Beard's arrival to Austin is huge for both the present and future of Texas' basketball program

When Shaka Smart left his position as the Longhorn's head coach back in March to take the job at Marquette, it seemed like it would take some rebuilding years to get the program back in shape to defend the school's first Big-12 men's basketball title. 

But in a matter of months, new head coaching hire Chris Beard has crafted a team that seems ready to exceed expectations of winning another conference championship. 

The win-now mindset has been established and the improvements have come in a variety of ways. The hire by Texas has the nation buzzing, as CBS Sports graded Beard highly on the list of top coaching hires from the offseason. 

And Beard's grade? An A+, highest on CBS Sport's list. Other notable grades included an A for Oklahoma's Porter Moser, an A- for Indiana's Mike Woodson, and a B+ for Smart at Marquette.

So, what makes Texas' hire of Beard one of the best in college basketball? 

Transfer Talent

Before fall practice has even begun, Beard has managed to assemble a fresh roster loaded with new talent from top to bottom. 


Yet, Beard's reconstruction of the roster was operated with ease. He secured seven transfer additions during the summer, including five of the Top 25 available transfers for 2021, according to Jeff Goodman's transfer rankings. 

Here's a look at how the starting five might shape out next season with the new additions. 

PG - Marcus Carr (top-ranked transfer from Minnesota, averaged 19.4 points and 4.9 assists last season)

SG - Andrew Jones (returning for senior season, led Texas in scoring last season at 14.6 points per game)

SF - Timmy Allen (transfer from Utah, led Utes in four of five major statistical categories last season)

PF - Dylan Disu (junior transfer from Vanderbilt who averaged 15 points and 9.2 rebounds as a sophomore)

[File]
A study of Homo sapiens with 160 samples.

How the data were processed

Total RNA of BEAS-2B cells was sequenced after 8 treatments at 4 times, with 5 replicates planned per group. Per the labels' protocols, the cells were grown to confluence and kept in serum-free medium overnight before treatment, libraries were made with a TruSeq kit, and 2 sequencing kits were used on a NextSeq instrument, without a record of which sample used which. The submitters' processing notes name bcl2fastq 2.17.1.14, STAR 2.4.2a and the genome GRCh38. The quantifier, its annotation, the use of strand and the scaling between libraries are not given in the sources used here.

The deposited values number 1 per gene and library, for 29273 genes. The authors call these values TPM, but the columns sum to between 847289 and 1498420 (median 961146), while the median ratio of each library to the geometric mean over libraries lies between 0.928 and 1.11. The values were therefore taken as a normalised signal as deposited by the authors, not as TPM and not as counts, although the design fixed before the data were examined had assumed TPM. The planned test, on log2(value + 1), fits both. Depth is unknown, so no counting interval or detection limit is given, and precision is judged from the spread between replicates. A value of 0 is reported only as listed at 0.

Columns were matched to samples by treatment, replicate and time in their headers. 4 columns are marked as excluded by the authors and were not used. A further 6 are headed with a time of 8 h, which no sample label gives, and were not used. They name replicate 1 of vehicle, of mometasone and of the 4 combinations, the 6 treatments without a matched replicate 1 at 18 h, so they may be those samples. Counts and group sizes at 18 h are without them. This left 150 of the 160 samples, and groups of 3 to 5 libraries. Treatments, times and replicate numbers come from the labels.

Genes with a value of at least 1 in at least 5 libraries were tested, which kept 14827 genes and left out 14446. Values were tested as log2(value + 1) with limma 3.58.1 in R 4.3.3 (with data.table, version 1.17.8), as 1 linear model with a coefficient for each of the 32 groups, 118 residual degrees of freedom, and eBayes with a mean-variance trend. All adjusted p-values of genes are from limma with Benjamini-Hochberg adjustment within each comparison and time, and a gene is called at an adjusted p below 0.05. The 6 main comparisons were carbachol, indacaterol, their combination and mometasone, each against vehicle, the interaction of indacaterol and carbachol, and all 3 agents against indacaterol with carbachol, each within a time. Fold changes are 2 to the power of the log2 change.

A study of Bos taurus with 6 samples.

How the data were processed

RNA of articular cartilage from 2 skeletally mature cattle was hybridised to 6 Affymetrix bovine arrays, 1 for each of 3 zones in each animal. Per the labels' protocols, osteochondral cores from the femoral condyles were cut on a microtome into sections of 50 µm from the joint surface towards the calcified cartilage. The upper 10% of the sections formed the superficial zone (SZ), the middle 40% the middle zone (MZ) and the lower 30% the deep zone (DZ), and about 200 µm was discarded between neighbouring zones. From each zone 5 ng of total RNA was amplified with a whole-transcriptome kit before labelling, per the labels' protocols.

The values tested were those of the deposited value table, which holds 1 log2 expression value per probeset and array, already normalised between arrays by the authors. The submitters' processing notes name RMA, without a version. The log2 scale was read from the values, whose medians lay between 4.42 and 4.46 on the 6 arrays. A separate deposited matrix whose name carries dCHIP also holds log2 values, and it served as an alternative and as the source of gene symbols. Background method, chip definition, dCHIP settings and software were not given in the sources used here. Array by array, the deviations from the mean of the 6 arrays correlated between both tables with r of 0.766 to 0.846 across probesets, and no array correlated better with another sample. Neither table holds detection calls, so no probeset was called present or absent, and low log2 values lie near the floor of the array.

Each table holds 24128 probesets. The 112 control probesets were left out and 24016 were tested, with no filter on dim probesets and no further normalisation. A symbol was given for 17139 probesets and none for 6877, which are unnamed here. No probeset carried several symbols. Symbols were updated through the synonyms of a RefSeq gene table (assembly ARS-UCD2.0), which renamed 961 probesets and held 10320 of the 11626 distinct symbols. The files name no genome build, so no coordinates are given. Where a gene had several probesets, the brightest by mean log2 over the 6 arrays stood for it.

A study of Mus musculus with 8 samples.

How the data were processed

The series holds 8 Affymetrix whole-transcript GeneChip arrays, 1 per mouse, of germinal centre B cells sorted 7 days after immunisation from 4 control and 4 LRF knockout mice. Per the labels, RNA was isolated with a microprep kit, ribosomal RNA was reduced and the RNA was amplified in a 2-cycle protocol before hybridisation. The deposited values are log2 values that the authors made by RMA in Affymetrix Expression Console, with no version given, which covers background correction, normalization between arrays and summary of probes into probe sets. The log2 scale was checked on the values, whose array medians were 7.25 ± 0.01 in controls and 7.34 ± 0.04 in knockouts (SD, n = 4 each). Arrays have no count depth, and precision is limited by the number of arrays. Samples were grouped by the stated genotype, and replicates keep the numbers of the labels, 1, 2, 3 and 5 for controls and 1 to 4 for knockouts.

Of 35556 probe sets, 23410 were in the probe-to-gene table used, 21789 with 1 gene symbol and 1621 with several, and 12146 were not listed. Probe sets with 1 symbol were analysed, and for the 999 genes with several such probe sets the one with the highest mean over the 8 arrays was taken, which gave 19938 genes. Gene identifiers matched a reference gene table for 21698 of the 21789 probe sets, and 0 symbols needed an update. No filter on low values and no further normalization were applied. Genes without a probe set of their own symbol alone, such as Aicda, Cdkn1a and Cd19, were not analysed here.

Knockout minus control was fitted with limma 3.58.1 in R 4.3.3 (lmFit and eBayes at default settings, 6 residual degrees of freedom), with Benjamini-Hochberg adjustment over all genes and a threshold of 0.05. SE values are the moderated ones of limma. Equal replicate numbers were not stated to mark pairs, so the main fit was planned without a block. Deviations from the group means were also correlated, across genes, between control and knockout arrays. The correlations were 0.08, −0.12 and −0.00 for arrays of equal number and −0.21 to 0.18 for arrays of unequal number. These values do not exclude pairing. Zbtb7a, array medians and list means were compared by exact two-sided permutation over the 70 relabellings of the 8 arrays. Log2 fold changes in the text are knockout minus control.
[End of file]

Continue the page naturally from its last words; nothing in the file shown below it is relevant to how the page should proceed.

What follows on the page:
C - Tre Mitchell (top-ranked transfer from UMass who averaged 18.8 points, 7.2 rebounds, and 52 percent from the field)

Of course, this starting five isn't official. Beard may feel differently about which players operate best in certain spots. Still, the individual talent level alone will make it hard for defenses to key in on stopping a single guy on any given night. Each of these players has the potential to catch fire in their roles quickly. 

The three transfers likely to come off the bench (Christian Bishop, Devin Askew, and Avery Benson) will also provide important versatility for the second unit. 


Recruiting Impact

The box seems to be checked in regards to the talent acquired for immediate success, but how does the future of the program look with the hire of Beard? In the early stages, very promising. 

It's clear that Beard's ability as a coach has been a selling point for players, including incoming freshmen guard Jaylon Tyson. 

Tyson was originally recruited by Beard to play at Texas Tech, committing to the Red Raiders in November of his senior year in high school. As the former Tech head coach departed from Lubbock, Tyson followed along before playing a single game. The Plano native committed to Texas on April 8, exactly a week after Beard's hire.


Additionally, Beard lured one of the top point guards in the class of 2022 in July, as Arterio Morris became the first official 2022 commitment for the Horns. The lengthy point guard was a top-tier grab for the program.

There's still a lot of work that will need to be done on the recruiting trail before Beard and his staff can boast an elite group of incoming recruits for future seasons, but the potential to gather more talent looks promising.

Inter-conference Impact

Another big, yet underrated reason the hire was so impactful is that it took Beard away from the Longhorn's inter-conference rival in the Texas Tech Red Raiders. 

Beard was electric during his time in Lubbock, leading his team to three NCAA tournament appearances and a trip to the national championship game in 2019. His success was one of the biggest stories in the Big 12 during this time, taking the spotlight away from schools like Texas, Baylor, and Oklahoma. 

Plus, his record against UT speaks for itself. Beard is 8-5 in his career against the Longhorns, making his departure from Tech even that much more beneficial for Texas' future success.

Though the personnel for both teams will look vastly different when the two teams face-off in the upcoming season, Texas Tech went 2-1 against the Longhorns last season with the only loss being a 67-66 defeat in the Big 12 tournament. 

Who knows? Beard could've continued to be a thorn in the side of the Texas basketball program, but instead chose to take on the challenge of coaching in one of the most pressure-filled programs in all of college basketball.